War Rages on Cape Hatteras
In 2004 the seashore had opened this area to ORVs against the recommendations of its own biological staff and after least terns had displayed nesting behavior. When Maddock saw birds incubating and unfledged chicks he phoned the regional office in Atlanta, but the director was traveling. So he phoned the D.C. office, where a Park Service employee went on and on about the political sensitivity of the situation. For most of the day Maddock and a biological technician stood in the rain, directing traffic away from nests. Finally, the D.C. office decided that it might be okay to move the fencing out a little, but not enough to offend the ORV lobby or protect the birds. After ORVs ran over two least tern chicks, special agents from the Fish and Wildlife Service investigated this apparent breach of the Migratory Bird Treaty Act by the Park Service, but the Department of Justice declined to prosecute.
A dozen years ago the seashore averaged something like 12 breeding pairs of piping plovers annually. In 2006 there were five, only one of which produced young. Seven years ago there were 41 breeding pairs of oystercatchers; in 2005 there were 24. Seven years ago 57 percent of the gull-billed terns in the state nested at Hatteras Inlet. By 2006 the species had abandoned not only Hatteras Island’s 42-mile-long beach but the entire seashore. From 1993 to 2004 breeding pairs on Hatteras Island declined as follows for these colonial waterbirds: least terns, from 610 to 272; common terns, from 385 to 11; gull-billed terns, from 11 pairs to zero; and black skimmers, from 216 to 13.
And at times ORVs play the main role in chick loss and nest failure attributed to “predation.” For example, last June at Hatteras Inlet two oystercatcher chicks were lost to predators due to the seashore’s refusal to close the beach. When the chicks wandered into the traffic, Maddock asked ORV operators to please wait until the chicks could rejoin their parents. When the ORV operators refused, one chick fled and got nailed by a ghost crab. The other, abandoned after traffic flushed the adults, became hypothermic and got eaten by a grackle.ORVs aren’t entirely to blame. Predation of eggs and chicks is a growing problem on most of the seashore. Some of this predation is the result of the massive development along the Outer Banks in the past 30 years and the corresponding increase in cats, foxes, and garbage-swilling raccoons. But ORV operators discard bait and fish entrails, and they don’t like skates and sharks, so instead of releasing them, they leave them on the beach. All this offal, along with other garbage and purposeful feeding, attracts gulls, resulting in loss of eggs and chicks. When the seashore closes areas to vehicles the dearth of gulls is sudden and dramatic.
The ORV crowd correctly observes that some of the decline is due to habitat damage caused by artificial dunes constructed in vain attempts to protect roads and dwellings. Near the town of Rodanthe, on Hatteras Island, Maddock and I walked the top of a high dune built by the North Carolina State Department of Transportation. Despite all that has been learned about beach dynamics, the dune is still being maintained. After it was knocked down by Hurricane Isabel in 2003, the department rebuilt it and planted beach grass. Beach birds can’t nest in thick vegetation, so planting beach grass destroys what little habitat remains. From the top we looked almost straight down into the breakers. The dune had acted like a seawall, reflecting wave energy so that it carried away the beach and, at the same time, prevented the overwash that had maintained beaches on the sound side and kept vegetation down. Net result: The island is narrowing, bird habitat is vanishing, and the threat to roads and property is exploding.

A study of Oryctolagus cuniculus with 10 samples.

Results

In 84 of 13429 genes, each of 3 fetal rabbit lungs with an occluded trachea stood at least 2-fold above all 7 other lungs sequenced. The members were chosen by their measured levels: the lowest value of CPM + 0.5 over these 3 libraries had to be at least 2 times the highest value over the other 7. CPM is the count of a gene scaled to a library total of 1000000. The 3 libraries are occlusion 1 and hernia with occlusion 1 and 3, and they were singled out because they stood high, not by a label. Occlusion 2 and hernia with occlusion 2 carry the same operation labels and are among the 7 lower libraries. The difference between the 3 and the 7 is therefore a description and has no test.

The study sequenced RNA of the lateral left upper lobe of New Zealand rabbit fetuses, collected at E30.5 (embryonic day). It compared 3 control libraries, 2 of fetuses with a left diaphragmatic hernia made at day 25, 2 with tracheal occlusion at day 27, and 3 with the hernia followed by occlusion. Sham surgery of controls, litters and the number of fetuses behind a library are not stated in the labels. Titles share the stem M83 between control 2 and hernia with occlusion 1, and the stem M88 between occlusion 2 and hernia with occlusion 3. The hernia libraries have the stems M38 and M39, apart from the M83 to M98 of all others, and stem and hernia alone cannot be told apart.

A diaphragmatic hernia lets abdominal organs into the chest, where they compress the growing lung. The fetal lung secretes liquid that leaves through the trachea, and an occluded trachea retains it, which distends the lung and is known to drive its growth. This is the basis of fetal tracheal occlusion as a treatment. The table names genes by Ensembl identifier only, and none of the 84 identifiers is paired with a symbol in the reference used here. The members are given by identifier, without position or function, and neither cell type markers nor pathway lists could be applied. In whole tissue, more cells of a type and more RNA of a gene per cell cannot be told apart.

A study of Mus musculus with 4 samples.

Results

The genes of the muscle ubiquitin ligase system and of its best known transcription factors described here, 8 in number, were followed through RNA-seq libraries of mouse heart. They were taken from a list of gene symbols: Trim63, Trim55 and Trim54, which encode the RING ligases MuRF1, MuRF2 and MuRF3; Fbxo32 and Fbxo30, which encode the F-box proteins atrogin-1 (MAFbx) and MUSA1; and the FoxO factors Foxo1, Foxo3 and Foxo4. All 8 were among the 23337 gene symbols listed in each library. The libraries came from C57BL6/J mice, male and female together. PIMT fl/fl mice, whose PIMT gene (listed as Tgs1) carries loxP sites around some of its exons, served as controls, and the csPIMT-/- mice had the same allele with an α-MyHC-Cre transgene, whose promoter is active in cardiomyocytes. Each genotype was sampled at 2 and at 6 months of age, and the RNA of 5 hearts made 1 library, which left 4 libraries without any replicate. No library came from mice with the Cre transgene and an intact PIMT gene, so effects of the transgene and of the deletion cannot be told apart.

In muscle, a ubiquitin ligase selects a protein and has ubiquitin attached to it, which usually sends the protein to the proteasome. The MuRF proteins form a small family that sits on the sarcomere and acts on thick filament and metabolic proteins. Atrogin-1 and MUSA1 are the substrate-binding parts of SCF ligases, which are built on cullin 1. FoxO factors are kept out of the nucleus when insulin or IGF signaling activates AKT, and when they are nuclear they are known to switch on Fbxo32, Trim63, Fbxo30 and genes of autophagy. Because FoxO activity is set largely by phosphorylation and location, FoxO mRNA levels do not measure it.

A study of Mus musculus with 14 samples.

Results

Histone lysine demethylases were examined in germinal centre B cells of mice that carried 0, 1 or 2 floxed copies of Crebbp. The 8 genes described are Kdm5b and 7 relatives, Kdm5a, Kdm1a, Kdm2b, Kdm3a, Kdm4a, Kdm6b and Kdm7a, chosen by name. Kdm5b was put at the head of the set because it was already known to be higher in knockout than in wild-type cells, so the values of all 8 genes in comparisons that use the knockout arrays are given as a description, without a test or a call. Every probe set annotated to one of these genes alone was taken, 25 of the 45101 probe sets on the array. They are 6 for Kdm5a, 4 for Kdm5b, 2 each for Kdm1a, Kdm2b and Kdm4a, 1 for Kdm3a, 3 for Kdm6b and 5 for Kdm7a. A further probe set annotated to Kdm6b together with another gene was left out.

Maddock asked ORV operators to please wait until the chicks could rejoin their parents. They refused. One chick fled and got nailed by a ghost crab. The other became hypothermic and got eaten by a grackle.
Not only do ORV operators destroy habitat by eliminating wrack and creating ruts chicks can’t crawl out of, they’re a major obstacle to habitat restoration. At Oregon Inlet, which hurls the waters of Pamlico Sound into the Atlantic, I walked across a wide beach created by a rock jetty. The jetty prevents the inlet from migrating south, as it had done from its birth in 1846 until 1962, when construction of the Bonner Bridge created easy access to Hatteras Island. But the ocean strips sand from 13-mile-long Pea Island to the south, shortening it by 10 to 15 feet every year and threatening the already decrepit bridge. Pea Island, managed as a national wildlife refuge and offering nesting habitat to three species of sea turtles and 365 species of birds, is one of the nation’s last undeveloped barrier islands. But the artificial dune that supposedly protects Route 12 (the highway that runs along the whole seashore) prevents overwash and severely compromises nesting and foraging habitat. Meanwhile, the state is spending about $1 million a year rebuilding and relocating the road and clearing it of sand.
With the bridge failing structurally, a new one must be built. The cost of a longer bridge that would bypass Pea Island and all its expensive highway problems would be $425 million. The cost of replacing the short bridge and maintaining Route 12 through 2060 would be $620 million. It was a no-brainer, so in July 2003 the state Department of Transportation and 12 other state and federal agencies unanimously agreed to go with the long bridge.